USAID Responds to the Horn of Africa Drought

Posted by Rajiv Shah
July 21, 2011

This morning, the United Nations declared what has become plain to anyone who has witnessed the devastation caused by this epic drought: thousands of people in southern Somalia are currently in a state of famine.

After the announcement, I visited the Wajir and Dadaab refugee camps in Kenya. I saw child after child weary from their long journey to the camps, eager for their first meal in days if not weeks. Seeing a child in such a fragile state -- witnessing just one child face such difficult circumstances -- is heartbreaking. Knowing that millions of children face a similar fate in the coming months unleashes a sense of profound sorrow.

Dadaab is now the fourth largest city in Kenya, home to more than 370,000 people who were in such a state of need that they fled their homes, many on foot, many from hundreds of miles away, just to find food, water, and healthcare for themselves and their children.

But the other thing I witnessed in those children was a strong sense of resilience. They weren't beaten down by their circumstances or overcome with despair. They were courageous, strong, unwilling to succumb to the tragedy that surrounded them.

Throughout the region, more than 11.5 million people are in need of emergency assistance, and there is no quick fix to that need. The United States, in cooperation with all of its international partners, is doing everything it can to help relieve that suffering with food, water, healthcare, and other critical services. Our priority is to save lives, and our experts are working day and night to find every channel possible to provide that desperately needed assistance.

For years, we've been working with the Ethiopian government on a safety net program that has step by step improved food security for many living in areas vulnerable to drought.

Even in this record drought, due to that long-term effort, 8.3 million people that have benefited from this program today do not need emergency assistance. Since October 2010, the U.S. Government has provided $459 million in life-saving aid to over 4.4 million people in the eastern Horn.

But that is no comfort today to those who have no food or water for their children, or for themselves. We must implement long-term strategies that can help prevent this kind of suffering once and for all.

The President's Feed the Future initiative is designed to partner with countries like Ethiopia and Kenya to develop their own agricultural industries, helping them break free of the need for humanitarian food aid. Only through a long-term sustained investment in their own food security can these countries escape the vicious cycle of famine of food aid we've once again witnessed.

Editor's Note: This entry also appears on the USAID Impact Blog. You can learn more about the crisis in the Horn of Africa here.



Fillmon T.
July 26, 2011

Fillmon in Canada writes:

Mr. Carson's self serving remarks that "there are many more in need in Eritrea, where a repressive regime is refusing to provide data on the humanitarian needs of its people" are thoroughly disgusting and reprehensible. They are driven by politics, specifically the state dept./US administration's animosity towards the Eritrean Government which has been at odds with the US. It is not out of genuine compassion for Eritreans that may or may not be impacted by this terrible drought afflicting the horn. This is after all the same person/dept that is currently pushing for increasing the sanctions against Eritrea, specifically targeting the very little foreign income Eritrea earns from it's diaspora remittances and it's nascent mining industry/revenues. So his claim that the US is genuinely interested in helping Eritreans "feed themselves" is hollow and duplicitous in light of the fact that it wants to target Eritrea's economy, and any meager revenue it stands to generate and that could help it feed itself and improve it's economy and the lives of it's people. Mr. Carson and the state dept should be ashamed of their disgusting and reprehensible behavior.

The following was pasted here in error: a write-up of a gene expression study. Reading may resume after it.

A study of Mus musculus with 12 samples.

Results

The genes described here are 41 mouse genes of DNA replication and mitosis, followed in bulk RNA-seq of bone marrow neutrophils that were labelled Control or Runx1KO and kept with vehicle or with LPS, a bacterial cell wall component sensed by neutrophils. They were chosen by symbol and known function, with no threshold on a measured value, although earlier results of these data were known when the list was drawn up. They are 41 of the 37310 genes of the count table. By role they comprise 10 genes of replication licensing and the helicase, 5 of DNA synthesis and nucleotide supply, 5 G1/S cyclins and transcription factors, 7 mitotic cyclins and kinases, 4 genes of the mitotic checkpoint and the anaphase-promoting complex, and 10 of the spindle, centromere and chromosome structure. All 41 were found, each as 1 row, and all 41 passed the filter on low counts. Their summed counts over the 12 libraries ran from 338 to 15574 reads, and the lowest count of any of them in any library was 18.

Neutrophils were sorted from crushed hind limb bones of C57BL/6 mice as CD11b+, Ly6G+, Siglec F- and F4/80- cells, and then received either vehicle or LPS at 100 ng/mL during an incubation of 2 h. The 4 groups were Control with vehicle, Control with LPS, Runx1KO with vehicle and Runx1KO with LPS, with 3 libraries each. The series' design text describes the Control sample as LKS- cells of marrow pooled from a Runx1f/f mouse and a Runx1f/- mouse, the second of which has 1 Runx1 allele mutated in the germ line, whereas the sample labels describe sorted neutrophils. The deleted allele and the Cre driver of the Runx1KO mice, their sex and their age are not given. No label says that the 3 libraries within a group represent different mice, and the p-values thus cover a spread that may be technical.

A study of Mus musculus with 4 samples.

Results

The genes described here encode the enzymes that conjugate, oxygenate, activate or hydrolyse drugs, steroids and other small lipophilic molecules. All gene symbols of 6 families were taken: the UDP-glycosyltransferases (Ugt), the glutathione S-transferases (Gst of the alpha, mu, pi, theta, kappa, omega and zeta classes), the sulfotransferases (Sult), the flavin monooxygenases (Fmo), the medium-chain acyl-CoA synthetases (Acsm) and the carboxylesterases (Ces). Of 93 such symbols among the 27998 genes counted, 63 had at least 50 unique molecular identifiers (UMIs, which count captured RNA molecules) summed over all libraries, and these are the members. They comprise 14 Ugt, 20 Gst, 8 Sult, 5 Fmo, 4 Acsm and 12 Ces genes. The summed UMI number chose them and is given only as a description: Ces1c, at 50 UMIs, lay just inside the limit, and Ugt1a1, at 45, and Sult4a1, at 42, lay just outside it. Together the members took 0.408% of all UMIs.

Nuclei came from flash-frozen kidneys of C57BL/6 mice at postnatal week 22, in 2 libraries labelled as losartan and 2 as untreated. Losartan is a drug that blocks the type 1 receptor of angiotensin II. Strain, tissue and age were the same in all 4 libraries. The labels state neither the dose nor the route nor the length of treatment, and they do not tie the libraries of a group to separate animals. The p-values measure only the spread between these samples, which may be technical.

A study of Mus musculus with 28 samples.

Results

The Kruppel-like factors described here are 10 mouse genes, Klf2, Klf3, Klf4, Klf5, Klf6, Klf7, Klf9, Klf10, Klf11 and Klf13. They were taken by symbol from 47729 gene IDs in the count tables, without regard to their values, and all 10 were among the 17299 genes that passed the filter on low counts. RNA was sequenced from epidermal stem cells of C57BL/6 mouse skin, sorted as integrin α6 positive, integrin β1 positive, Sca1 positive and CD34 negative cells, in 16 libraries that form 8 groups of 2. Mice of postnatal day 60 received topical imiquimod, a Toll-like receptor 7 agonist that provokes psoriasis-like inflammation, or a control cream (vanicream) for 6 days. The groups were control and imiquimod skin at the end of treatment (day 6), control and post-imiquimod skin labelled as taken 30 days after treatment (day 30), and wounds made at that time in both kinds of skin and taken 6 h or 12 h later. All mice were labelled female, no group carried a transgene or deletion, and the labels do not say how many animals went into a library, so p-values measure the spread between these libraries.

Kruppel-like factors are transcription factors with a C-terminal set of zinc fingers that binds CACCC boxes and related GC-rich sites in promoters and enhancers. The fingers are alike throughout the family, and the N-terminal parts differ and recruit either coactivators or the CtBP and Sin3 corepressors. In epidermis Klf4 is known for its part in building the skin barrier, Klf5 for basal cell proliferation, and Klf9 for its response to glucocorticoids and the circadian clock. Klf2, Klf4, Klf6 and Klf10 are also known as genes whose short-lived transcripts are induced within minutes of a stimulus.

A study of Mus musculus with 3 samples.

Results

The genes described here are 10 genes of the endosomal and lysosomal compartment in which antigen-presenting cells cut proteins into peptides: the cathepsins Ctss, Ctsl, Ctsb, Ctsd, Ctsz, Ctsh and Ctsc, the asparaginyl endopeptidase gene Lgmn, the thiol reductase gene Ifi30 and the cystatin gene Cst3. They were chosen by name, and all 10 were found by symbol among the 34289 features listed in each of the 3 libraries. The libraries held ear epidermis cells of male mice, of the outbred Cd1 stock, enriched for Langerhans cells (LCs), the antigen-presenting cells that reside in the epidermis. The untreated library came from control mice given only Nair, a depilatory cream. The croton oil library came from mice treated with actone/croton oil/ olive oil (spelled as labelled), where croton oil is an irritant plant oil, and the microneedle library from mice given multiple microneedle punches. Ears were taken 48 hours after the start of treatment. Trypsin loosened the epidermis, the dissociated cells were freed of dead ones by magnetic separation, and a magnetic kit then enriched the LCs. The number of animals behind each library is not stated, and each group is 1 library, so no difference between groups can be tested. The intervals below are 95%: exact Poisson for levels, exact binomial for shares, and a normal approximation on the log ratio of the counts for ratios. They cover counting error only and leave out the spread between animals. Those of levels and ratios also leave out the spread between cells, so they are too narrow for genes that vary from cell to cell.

Right now there are tens of thousands of Eritreans from Europe, North America, Middle east, Australia etc in Eritrea, traveling throughout the country. My brother was just there a few weeks and traveled freely throughout several towns and cities. There is no famine/starvation in Eritrea. If there was you would have heard about it loud and clear.

Mr. Carson and the US state Dept's hatred and animosity towards the Eritrean government/Eritrea is deplorable!

United States
July 22, 2011

Zharkov in the U.S.A. writes:

While the world's "worst humanitarian disaster" is unfolding in the Horn of Africa, with eleven million people in dire need of food, global leaders who are quick to intervene in countries militarily, are a bit slow to get involved in saving them.

The UK has pledged £38 million in aid to Ethiopia, while it has committed £260 million so far, to bomb Libya.

The US is spent $459 million in aid while spending over $1 trillion in wars against nearby nations and their desert dwellers.

Are these people more valuable dead than they are alive? Which has greater priority, bombing them or feeding them?

Why not save a few trillion dollars and leave the desert people alone?

What if, just for the sake of neutrality, we ask NATO to stop bombing Libya and allow Libya to recover before Libya becomes a failed state in need of emergency aid as well?

fiesta c.
July 26, 2011

Fiesta in Ethiopia writes:

Help Us Save Lives in Drought-Stricken East Africa | WFP | United Nations World Food Programme - Fig...

With famine in southern Somalia and more than 11 million people in desperate need of food assistance in the region, countless lives hang in the balance. Just 50 US cents per day is enough to feed a hungry child or mother on the edge of survival.